Injury almost cost me biggest moment

ALLAN Hunter came perilously close to missing out on taking part in the biggest match of his career.

Nick Garnham

ALLAN Hunter came perilously close to missing out on taking part in the biggest match of his career.

The commanding centre half was only passed fit to play in the final itself on the morning of the match.

Hunter, now 61, injured his left knee in the 6-1 defeat at Aston Villa a week before the final and was Town's major worry in the days leading up to the game.



confident that I would be fit enough to play.


“The thing about the cup final is not just the day itself but also the build up, but it was ruined for me because I was not sure I was going to play.”

Hunter, who was 30 at the time, recalled: “I remember Danny Blanchflower (who had been Hunter's Northern Ireland manager) coming to the hotel to do a television interview. He said to me 'if you were 23 I would tell you to forget about it, but this could be your last chance, so if you think you can play then do so'.

“He said I had nothing to lose. I had a strenuous fitness test at 8.30 on the morning of the final, but I still had doubts that I was going to play because I was really frightened I might get a reaction right up to two o'clock. If the truth be known I was doubtful right up until five o'clock!

“I shared a room with Mick Mills at our cup final hotel at Sopwell House (just outside St Albans in Hertfordshire) and I remember him saying to me around 11 o'clock 'do you think you can manage about an hour?'

“I said 'yes' and he said 'in that case play' and I felt as though I was needed.”

Hunter admitted: “During the match it was always on my mind. In truth it did not feel right, but I had a good strapping on it and I was able to play the whole game.

“If I had come off after five minutes and we had lost, what would the people of this town have thought of me for the next 30 years?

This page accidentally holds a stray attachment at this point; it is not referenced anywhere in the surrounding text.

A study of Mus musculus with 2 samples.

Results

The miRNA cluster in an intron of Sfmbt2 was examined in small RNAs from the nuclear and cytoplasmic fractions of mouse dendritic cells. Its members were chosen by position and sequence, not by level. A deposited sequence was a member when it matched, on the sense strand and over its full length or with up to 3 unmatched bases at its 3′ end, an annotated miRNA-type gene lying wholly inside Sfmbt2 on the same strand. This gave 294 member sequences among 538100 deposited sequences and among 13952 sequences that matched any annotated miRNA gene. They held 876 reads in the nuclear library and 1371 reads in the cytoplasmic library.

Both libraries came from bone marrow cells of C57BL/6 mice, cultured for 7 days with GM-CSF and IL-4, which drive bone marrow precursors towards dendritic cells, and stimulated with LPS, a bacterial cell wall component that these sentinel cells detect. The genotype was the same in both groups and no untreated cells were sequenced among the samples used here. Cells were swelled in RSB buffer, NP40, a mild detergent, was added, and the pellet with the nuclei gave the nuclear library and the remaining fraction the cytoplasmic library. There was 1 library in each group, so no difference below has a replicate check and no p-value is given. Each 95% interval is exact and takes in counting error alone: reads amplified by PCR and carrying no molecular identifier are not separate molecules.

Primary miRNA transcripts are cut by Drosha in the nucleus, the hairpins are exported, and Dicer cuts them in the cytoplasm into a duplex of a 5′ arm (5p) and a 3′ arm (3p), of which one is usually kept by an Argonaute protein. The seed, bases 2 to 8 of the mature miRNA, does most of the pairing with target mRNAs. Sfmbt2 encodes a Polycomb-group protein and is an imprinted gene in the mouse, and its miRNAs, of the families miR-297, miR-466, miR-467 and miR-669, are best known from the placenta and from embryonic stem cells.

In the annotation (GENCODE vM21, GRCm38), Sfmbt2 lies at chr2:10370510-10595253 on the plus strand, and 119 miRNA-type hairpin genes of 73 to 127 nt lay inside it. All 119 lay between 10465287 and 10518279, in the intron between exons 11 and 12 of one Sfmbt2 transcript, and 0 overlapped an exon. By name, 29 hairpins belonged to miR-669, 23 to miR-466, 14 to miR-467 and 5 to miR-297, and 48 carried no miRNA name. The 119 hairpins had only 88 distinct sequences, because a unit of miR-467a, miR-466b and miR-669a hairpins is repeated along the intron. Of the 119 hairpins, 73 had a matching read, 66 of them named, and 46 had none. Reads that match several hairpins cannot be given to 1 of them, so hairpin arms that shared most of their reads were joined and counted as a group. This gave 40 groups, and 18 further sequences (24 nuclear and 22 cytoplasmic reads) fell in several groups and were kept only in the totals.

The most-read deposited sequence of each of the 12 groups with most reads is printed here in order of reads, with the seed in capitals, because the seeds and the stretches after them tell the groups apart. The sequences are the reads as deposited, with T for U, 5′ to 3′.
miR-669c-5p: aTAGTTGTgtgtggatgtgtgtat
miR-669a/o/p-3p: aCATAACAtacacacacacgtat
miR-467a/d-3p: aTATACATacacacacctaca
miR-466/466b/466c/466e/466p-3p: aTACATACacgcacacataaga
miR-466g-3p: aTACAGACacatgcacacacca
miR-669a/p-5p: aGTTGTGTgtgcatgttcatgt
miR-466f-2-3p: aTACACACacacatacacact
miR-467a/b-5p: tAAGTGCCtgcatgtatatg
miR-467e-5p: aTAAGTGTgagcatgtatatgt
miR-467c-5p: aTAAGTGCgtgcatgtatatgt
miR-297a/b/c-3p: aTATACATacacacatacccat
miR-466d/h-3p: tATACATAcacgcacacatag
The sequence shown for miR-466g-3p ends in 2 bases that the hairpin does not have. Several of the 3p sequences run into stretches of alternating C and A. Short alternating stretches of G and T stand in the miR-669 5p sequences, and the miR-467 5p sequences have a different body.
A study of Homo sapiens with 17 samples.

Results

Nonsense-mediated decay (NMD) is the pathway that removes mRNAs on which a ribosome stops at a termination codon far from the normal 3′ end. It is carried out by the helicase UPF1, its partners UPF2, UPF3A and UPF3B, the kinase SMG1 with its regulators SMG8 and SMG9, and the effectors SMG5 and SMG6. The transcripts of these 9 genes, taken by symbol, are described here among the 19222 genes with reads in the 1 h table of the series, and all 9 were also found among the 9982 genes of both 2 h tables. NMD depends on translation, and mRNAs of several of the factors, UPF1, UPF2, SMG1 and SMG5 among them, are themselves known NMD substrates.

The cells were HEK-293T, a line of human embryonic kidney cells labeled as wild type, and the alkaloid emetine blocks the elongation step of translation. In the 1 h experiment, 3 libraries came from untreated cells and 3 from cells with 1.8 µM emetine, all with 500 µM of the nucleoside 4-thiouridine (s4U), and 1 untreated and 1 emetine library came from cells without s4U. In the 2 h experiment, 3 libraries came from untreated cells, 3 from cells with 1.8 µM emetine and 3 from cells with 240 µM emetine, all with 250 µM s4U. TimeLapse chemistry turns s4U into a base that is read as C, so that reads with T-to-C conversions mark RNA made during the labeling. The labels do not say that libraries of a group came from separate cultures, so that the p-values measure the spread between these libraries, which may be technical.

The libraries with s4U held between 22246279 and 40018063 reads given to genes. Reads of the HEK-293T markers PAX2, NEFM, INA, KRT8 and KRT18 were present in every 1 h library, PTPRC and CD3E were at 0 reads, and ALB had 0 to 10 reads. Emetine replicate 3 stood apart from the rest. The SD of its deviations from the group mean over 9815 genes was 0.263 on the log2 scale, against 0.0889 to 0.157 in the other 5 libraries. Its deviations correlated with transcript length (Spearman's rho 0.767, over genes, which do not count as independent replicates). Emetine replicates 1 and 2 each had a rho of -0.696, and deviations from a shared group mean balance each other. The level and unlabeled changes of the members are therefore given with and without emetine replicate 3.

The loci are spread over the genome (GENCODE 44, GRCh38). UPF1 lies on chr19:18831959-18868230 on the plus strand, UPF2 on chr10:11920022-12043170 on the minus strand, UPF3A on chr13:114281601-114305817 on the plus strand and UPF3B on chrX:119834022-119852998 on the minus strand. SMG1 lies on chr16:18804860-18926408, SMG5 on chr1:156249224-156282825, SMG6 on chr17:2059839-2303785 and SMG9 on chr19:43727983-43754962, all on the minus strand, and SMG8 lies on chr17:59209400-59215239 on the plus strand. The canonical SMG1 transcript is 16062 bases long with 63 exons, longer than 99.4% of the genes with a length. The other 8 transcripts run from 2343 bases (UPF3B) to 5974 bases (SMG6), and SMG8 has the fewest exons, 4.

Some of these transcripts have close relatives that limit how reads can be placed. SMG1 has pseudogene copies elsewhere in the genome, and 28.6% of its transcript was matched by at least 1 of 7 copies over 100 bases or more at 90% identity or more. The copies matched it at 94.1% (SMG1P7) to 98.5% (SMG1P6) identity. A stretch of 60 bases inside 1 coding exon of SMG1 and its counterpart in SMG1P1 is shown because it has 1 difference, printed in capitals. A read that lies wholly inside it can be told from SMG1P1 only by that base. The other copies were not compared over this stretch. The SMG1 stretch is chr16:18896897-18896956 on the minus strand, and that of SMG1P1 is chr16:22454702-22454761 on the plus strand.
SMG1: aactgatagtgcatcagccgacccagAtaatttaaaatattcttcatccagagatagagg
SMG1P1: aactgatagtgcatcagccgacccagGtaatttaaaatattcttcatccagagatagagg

“It was a tremendous day. We were definitely the better team on the day, although it looked as though we might not score and they might steal it.”

The day was made even more

special because his parents, Mary and Albert, were both there to see it - the only time his mum ever

travelled out of Ireland.

“The final was such a big occasion then, but unfortunately a lot of the romance of the FA Cup has gone because there is so much football on television now.

“I remember shaking hands

afterwards with Arsenal's Sammy Nelson, who was a Northern Ireland colleague of mine, and tears were running down his face because he had lost an FA Cup final.”

Hunter, who won 53 caps for Northern Ireland - 47 while an Ipswich Town player - added: “I always said we should have won the cup in 1975 as well.

“I should have had two winners' medals instead of one,” he said, referring to Town's semi-final defeat to West Ham United when referee Clive Thomas controversially disallowed two Ipswich goals.

However, he is also the proud owner of an Irish Cup medal which he won with Coleraine in 1964/65 after scoring the winning goal in the semi-final and was a member of the first Irish side to play behind the Iron Curtain the following season in the Cup Winners' Cup against crack Russian side Dynamo Kiev, who beat them 10-1 on aggregate!